The U.K. Serious Fraud Office (SFO) has opened a criminal probe into the attempted rigging of interest rates that led to a record fine of $451 million against Barclays. Soon after the chairman, chief executive officer Robert Diamond and chief operating office Jerry Del Missier also put in their papers.
U.K.’s SFO joins the U.S. Department of Justice in criminally investigating the collusion among derivatives traders and rate submitters to rig interbank offered rates. U.K.’s Financial Services Authority (FSA) is also seeking civil penalties against banks. Barclays has admitted to rigging the London interbank offered rate, or Libor, as well as Euribor, its equivalent in euros, as early as 2005. In testimony to Parliament last week, Diamond apologised and said 14 Barclays traders were involved.
The Chairman of U.K.’s FSA has said that its probes will result in more settlements “before the end of the year”. So, some of the 18 banks that are surveyed as a process for determining the Libor rates could face further regulatory heat.
Such has been impact of the regulatory action that, if reports are to be believed, Barclays is already considering spinning off its retail banking and investment businesses.
A few weeks ago, cement companies in India faced similar pressure from the Competition Commission of India. 11 cement companies were charged with cartelisation and anti-competitive behaviour.
The competition regulator fined them, collectively, more than Rs 6,000 crore (nearly $1.2 billion).
The fine was 50 per cent of the net profit of the last two financial years ending March 2011. Cement companies now fear that the strong regulatory action could take away some of their pricing power in the near term.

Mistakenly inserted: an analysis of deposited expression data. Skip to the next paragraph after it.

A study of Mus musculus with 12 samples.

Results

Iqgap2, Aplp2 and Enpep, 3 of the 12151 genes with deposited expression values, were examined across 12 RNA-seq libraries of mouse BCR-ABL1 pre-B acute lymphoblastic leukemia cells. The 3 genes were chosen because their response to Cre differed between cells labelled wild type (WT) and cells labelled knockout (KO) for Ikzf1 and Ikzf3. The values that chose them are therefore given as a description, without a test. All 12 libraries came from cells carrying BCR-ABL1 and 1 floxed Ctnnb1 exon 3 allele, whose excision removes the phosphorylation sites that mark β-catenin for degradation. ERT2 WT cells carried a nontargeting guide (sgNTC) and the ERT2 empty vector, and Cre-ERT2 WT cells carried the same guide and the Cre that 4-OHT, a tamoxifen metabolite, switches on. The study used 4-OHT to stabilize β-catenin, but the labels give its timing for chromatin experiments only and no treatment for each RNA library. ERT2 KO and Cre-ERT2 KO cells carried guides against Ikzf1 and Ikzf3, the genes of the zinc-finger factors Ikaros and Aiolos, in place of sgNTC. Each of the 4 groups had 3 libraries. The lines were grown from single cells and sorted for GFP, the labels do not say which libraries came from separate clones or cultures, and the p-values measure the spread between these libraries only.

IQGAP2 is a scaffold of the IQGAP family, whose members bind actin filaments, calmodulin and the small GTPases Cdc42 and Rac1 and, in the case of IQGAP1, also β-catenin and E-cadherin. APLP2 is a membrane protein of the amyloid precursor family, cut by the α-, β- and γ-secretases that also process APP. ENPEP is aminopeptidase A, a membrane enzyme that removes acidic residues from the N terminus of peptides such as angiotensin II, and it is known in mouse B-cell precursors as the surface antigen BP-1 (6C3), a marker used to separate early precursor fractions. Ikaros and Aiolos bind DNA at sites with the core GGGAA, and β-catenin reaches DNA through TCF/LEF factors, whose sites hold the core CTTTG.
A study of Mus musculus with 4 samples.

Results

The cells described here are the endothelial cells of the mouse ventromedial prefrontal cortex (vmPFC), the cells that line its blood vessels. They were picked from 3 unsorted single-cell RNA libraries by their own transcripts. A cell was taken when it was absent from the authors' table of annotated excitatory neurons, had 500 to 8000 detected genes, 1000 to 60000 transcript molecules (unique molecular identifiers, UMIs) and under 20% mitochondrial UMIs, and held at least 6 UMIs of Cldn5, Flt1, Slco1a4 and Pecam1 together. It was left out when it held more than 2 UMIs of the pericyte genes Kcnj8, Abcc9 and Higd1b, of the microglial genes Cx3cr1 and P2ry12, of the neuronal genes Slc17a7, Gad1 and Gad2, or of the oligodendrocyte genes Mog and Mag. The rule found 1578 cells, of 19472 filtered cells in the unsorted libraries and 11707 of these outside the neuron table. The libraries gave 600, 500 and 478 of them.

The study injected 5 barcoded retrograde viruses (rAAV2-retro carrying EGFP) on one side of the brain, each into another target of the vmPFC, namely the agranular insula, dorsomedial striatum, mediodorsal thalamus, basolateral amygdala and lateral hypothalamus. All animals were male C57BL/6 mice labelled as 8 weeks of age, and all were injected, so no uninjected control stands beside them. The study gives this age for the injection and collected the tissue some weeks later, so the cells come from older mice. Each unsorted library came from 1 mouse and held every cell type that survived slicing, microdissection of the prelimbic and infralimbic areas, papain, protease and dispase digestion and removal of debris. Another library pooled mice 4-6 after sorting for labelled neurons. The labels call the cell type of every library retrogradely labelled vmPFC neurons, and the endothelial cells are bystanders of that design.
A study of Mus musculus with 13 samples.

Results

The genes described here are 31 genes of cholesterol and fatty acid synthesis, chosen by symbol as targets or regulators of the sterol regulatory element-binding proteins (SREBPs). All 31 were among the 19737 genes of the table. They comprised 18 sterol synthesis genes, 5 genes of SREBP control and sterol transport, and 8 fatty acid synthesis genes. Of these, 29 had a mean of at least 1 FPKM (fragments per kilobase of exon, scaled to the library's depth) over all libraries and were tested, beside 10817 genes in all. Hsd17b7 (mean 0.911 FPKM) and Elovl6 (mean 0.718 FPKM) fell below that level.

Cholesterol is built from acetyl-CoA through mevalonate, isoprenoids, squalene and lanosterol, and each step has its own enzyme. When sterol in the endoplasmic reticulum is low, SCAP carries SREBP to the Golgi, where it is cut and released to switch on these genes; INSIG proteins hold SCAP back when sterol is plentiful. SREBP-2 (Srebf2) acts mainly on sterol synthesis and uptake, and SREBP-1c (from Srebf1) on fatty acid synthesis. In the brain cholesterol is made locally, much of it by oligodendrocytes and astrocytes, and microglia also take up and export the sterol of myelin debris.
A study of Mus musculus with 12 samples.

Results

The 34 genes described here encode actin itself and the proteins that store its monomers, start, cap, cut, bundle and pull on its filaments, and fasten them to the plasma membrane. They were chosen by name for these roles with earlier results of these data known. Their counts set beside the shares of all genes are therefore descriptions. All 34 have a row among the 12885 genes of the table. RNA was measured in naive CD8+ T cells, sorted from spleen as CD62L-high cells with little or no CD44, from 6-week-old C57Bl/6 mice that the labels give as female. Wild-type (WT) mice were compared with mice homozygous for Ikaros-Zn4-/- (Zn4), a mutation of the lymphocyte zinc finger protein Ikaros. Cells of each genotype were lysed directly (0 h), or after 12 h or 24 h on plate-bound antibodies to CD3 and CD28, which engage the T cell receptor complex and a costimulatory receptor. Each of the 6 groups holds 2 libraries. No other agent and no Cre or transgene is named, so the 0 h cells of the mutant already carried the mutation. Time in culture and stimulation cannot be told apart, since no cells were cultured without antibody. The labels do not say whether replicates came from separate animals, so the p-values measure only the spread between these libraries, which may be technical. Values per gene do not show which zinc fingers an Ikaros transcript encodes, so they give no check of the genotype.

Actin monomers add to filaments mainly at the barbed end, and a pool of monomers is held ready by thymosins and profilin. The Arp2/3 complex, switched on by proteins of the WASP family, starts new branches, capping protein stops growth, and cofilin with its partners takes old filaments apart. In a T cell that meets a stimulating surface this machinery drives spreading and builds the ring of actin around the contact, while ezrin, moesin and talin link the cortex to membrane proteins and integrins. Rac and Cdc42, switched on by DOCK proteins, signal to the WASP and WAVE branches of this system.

This has been the biggest ever fine imposed by the Competition Commission ever in the country.
But despite the stinging order, there has hardly been any alarm bells for the companies, or even others in the industry. Neither has there been any sense of remorse from the industry or its leaders. No heads have rolled at the guilty companies, either.
The Competition Commission has taken a long time to investigate the matter and come out with its findings. Worse, the news was leaked two to three days before the formal orders were announced.
The difference between the regulators of the two countries could not have been more telling. Regulatory action needs to have a sting, a surprise element, along with the rigour of sound investigation. With the first clearly missing, and if some were to be believed, the second a little suspect, the impact has not been felt.
Clearly, as India moves towards a free market economy, the government will have to sharpen the teeth of its regulators so that if a line is crossed, there is swift and decisive action. The fine should also be so harsh enough to be a disincentive for others companies considering crossing the line.
As India opens the doors to increased competition, ensuring the interests of consumers and industry alike will be critical. How many banks are willing to listen to the RBI to stop charging pre-payment penalty for home loans? Or how many telecom companies has the TRAI fined and taken action against to stop pesky SMSes?
Ask around and see how many families have complaints against their realty companies. Sadly, India still does not have a real estate regulator, despite every town worth its name now having a few homegrown realty companies.
Work hard. Compete hard. Be sure to make money. But never ever break the law – that should be the message from regulators.
Unfortunately, the regulators often threaten with the proverbial bark but seldom follow it up with their bite.